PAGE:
The Federal Reserve’s new chairman made his stance on cryptocurrency clear to the US House of Representatives on Wednesday.
In his view, cryptocurrencies have no intrinsic value, are not used often as a means of payment, are not a store of value, but are great for money laundering.
He also dismisses the idea that cryptocurrencies could pose a significant risk to the country’s financial stability at their current size.
The chairman of the U.S. Federal Reserve who took office in February, Jerome Powell, answered questions about cryptocurrencies in his testimony before the House Financial Services Committee on Wednesday.
This committee has jurisdiction over issues pertaining to the U.S. economy, banking system, housing, insurance, securities, exchanges, monetary policy, international finance, international monetary organizations, and efforts to combat terrorist financing.
U.S. Representative and vice-chairman of the committee, Patrick T. Mchenry, asked Powell to outline his thinking on cryptocurrencies. The chairman replied that there are “significant” risks to “relatively unsophisticated investors” who “see the asset going up in price and they think this is great; I’ll buy this [but] in fact there is no promise behind that.” He elaborated:
Cryptocurrencies are great if you’re trying to hide money or if you’re trying to launder money…it doesn’t really have any intrinsic value so I think there’re investor or consumer protection issues as well.
Furthermore, regarding whether the Fed is considering issuing its own digital currency, the chairman clarified, “that’s not something we’re looking at,” reiterating, “we’re not looking at this at the Fed as something that we should be doing.”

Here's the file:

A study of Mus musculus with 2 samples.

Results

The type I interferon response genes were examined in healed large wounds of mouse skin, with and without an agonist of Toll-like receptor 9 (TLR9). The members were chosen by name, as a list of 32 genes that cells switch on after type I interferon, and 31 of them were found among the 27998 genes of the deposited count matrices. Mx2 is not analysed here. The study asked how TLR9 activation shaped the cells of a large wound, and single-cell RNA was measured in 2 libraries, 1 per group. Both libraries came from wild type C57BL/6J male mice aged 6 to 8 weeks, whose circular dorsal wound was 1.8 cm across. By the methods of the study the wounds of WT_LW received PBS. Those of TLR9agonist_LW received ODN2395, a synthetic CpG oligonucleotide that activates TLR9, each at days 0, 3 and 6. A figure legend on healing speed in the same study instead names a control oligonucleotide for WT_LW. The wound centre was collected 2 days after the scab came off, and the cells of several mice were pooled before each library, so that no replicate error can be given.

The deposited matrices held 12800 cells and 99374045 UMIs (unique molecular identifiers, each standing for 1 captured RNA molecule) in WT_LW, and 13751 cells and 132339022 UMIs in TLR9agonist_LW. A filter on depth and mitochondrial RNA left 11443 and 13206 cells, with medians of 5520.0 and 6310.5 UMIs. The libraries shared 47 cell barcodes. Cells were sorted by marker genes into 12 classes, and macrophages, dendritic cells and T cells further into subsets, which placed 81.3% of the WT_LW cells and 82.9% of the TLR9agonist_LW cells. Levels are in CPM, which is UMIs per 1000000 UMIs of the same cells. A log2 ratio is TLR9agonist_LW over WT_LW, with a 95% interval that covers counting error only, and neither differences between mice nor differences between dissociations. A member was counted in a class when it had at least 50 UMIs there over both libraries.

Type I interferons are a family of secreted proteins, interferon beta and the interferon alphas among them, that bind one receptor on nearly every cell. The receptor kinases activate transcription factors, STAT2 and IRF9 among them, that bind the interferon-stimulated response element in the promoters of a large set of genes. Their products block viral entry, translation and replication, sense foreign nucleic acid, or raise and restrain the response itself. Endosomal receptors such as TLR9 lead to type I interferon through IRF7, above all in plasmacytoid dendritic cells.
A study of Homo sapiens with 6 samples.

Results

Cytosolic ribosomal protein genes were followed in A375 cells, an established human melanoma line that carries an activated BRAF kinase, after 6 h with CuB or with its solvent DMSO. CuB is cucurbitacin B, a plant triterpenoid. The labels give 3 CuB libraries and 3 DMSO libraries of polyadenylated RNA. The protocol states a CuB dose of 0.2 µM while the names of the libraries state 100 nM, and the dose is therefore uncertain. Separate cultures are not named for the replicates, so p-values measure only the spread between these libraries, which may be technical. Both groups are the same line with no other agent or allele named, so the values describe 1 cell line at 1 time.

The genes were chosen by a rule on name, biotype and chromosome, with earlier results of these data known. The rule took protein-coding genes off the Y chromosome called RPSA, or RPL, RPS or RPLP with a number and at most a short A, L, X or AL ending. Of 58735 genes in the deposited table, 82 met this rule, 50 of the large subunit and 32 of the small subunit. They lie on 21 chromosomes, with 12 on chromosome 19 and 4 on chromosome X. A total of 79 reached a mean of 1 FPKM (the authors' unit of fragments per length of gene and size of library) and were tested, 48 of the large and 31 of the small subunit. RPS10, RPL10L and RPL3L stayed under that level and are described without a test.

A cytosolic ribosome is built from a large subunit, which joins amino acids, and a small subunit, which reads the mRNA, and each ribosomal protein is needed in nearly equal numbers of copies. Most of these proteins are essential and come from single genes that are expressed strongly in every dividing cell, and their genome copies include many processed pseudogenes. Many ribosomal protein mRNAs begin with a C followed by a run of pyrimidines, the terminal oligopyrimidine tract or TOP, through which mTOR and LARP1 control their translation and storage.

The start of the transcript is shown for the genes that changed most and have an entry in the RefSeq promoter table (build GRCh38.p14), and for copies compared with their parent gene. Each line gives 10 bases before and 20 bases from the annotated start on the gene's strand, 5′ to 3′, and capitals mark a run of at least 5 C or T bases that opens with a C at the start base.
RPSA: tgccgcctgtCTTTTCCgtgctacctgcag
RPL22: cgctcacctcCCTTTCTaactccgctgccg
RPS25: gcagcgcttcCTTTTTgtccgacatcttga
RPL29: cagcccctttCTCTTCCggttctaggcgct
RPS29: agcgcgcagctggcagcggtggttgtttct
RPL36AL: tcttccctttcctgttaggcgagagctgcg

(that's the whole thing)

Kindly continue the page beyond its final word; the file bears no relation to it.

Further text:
As for whether cryptocurrency is a currency, Powell claims that “it’s not really a currency,” clarifying:
If you think about what currencies do, they’re supposed to be a means of payment and a store of value, basically. And cryptocurrencies…they’re not really used very much in payment. Typically people sell their cryptocurrencies and then pay in dollars. In terms of a store of value, you know, look at the volatility and…it’s just not there.
While questioning Powell, Mchenry outlined the current regulatory framework for cryptocurrency in the U.S. He detailed that each of the 50 states has its own requirements for crypto businesses operating locally such as obtaining a money service license.
There are also regulators such as the Commodity Futures Trading Commission (CFTC) and the Securities and Exchange Commission (SEC) that have some jurisdiction over cryptocurrency when it falls under their domain, he described, reiterating:
There’s some broad [regulatory] framework of it but not a concerted effort by the federal government to understand what’s happening in cryptocurrency.
No Serious Risk to Financial Stability
Mchenry further asked Powell whether the Fed sees cryptocurrency impairing its ability “to act on monetary policy, given the current shape and scope of the size of the market.” The Fed chair replied, “not at all today.”
Powell additionally explained his previous statement regarding the impact of crypto on the country’s financial stability. He recalled being asked, “do cryptocurrencies currently present a serious financial stability threat?” He clarified:
They’re not big enough to do that yet. That’s really what I was saying, not that they’re not a longer-term thing.
Powell believes that the recent BIS report and others have adequately outlined risks associated with cryptocurrency “and called on the appropriate regulatory bodies to address them.” He emphasized, “we don’t have jurisdiction over cryptocurrency. We have jurisdiction over banks,” adding that those with jurisdiction such as the CFTC and the SEC can address the investor protection aspects of crypto.
This week, the Financial Stability Board (FSB) also said that “Crypto-assets do not pose a material risk to global financial stability at this time.”